Hudgins v. Moore
524 S.E.2d 105
Brief(s) Filed: 2/98, 2/99
Court: Supreme Court of South Carolina
Year of Decision: 1999
Read the full-text amicus brief (PDF, 195KB)
Whether the prosecution could use raw MMPI-A test materials, administered to determine the defendant's competency to stand trial, to argue at trial that the defendant admitted to being a liar
Confidentiality/Psychotherapist-Patient Privilege; Tests (Use, Validity, & Security of Psychological Tests & Test Data)
In a criminal trial of a minor for capital murder, the prosecution used raw psychological test data, generated during a court-ordered competency and criminal responsibility examination of the defendant, to impeach the defendant's testimony. The defendant, Hudgins, was found guilty at trial. On direct appeal, he challenged the prosecution's use of the MMPI-A responses at trial. The Supreme Court of South Carolina ruled that the issue had not been preserved for review due to defense counsel's failure to object to the specific challenged questions. Defendant then filed a post-conviction motion alleging ineffectiveness of counsel. The circuit court denied the motion, ruling that defense counsel was not ineffective in failing to object to the prosecution's use of the MMPI-A because nothing objectionable had occurred — the use of the raw test data was "within the bounds of appropriate examination…[and]…there was no valid objection to its use for impeachment." Defendant filed a petition for writ of certiorari with the South Carolina Supreme Court to review that decision.
APA, the South Carolina Psychiatric Association and Protection and Advocacy for People with Disabilities Inc. filed a brief as amici arguing that: (1) the lower court's ruling effectively eliminated the ability of trained mental health personnel to conduct accurate and adequate competency and criminal responsibility examinations because, should the ruling be allowed to stand, mental health workers would be required to advise any defendant in a pre-trial examination that any statements he makes on any psychological test, or in connection with any psychological or psychiatric examination, may be used to impeach him at trial, thereby making it more difficult to obtain candid and valid responses from defendants; (2) the ability of psychologists and psychiatrists to render effective pretrial examinations would be greatly diminished; and (3) the particular use made of the MMPI-A data was highly improper and prejudicial since only trained professionals should attempt to interpret or draw conclusions from a defendant's responses on the MMPI-A and responses should never be viewed in isolation.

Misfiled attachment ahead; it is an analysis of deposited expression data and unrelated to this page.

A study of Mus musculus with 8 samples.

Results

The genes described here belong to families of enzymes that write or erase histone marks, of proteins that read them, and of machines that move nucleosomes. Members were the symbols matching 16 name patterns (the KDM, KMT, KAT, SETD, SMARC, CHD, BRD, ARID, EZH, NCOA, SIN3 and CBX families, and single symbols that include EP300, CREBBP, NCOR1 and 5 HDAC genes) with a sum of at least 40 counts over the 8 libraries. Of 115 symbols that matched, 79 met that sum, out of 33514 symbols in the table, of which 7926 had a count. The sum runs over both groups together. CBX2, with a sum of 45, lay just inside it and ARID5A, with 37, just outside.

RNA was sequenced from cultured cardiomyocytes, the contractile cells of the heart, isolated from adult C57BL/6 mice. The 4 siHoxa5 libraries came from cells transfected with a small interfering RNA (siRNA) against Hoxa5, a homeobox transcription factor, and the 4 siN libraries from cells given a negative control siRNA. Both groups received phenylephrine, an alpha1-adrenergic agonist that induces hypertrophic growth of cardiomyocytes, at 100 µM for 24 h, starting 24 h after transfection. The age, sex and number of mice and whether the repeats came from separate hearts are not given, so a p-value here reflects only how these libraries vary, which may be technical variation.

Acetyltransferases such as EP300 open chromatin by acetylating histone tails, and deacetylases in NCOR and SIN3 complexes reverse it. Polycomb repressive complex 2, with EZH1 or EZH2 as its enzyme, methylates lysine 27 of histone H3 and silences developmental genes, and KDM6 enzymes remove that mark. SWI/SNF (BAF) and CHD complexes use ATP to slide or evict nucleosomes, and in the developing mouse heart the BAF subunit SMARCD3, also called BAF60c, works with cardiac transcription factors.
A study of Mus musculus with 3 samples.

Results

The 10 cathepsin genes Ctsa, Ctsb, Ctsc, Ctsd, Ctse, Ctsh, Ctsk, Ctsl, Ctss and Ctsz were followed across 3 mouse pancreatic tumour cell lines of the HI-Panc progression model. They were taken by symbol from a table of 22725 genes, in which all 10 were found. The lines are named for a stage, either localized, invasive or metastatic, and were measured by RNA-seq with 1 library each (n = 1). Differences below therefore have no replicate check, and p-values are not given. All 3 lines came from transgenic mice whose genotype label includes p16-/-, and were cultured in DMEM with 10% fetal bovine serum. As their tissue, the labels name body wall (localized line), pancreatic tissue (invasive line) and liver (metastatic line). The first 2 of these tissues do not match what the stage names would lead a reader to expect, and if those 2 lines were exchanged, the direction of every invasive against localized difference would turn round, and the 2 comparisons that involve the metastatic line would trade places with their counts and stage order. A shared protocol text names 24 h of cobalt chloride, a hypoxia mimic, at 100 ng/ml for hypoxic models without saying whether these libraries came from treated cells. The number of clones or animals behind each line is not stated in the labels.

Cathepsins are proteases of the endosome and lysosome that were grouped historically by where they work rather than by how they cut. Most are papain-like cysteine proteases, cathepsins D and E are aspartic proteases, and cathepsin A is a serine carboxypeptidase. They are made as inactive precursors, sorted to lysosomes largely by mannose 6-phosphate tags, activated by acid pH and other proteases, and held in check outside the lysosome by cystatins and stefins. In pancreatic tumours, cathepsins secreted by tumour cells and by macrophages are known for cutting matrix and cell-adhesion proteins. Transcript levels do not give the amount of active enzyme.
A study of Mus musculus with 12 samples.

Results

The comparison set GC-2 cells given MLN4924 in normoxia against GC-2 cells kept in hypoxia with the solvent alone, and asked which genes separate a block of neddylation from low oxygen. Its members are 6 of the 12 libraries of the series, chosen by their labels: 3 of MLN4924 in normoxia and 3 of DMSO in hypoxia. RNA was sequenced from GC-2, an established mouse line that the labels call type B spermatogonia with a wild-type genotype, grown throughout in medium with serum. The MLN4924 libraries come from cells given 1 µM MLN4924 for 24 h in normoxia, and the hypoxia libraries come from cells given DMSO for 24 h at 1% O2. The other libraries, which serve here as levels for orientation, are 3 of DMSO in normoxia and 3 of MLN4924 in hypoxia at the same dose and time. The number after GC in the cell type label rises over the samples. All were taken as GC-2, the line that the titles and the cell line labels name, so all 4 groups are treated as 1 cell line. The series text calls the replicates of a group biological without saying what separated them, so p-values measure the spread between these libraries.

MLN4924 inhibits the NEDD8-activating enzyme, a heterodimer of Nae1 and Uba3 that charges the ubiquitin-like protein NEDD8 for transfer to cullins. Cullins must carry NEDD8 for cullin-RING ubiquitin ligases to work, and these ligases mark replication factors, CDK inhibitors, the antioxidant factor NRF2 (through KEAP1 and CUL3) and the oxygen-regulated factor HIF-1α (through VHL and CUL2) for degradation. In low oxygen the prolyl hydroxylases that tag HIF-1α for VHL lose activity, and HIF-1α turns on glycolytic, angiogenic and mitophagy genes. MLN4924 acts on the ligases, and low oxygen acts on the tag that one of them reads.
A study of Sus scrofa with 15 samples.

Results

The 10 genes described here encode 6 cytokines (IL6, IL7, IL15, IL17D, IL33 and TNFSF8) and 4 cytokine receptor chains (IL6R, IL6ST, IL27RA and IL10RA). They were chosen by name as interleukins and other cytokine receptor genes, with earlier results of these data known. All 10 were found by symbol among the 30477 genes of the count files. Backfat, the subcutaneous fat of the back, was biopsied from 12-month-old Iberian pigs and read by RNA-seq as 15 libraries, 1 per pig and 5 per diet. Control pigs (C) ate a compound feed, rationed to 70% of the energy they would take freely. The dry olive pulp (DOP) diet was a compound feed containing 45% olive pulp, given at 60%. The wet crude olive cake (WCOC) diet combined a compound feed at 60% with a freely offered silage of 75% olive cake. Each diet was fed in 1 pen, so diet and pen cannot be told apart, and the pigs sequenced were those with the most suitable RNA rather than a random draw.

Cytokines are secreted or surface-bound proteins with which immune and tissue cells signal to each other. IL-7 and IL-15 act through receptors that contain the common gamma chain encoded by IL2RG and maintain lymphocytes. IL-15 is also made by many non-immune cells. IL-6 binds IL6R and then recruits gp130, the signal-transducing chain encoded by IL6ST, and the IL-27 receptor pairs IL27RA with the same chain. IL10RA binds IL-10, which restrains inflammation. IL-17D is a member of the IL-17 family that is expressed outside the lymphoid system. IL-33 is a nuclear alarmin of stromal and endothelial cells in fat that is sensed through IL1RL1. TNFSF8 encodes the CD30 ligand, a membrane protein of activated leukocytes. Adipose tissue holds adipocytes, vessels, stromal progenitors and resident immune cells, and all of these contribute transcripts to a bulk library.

The South Carolina Supreme Court reversed Hudgins' conviction. While it found that there was no constitutional violation, it held that the MMPI-A answers were inadmissible under state law, and that the information obtained from a court-ordered mental health examination may not be used "for purposes other than ordered by the court" due to the "need to protect the integrity" of such an exam. The court further found that counsel's failure to object to the admissibility of the MMPI-A answers constituted ineffective assistance of counsel meriting a reversal.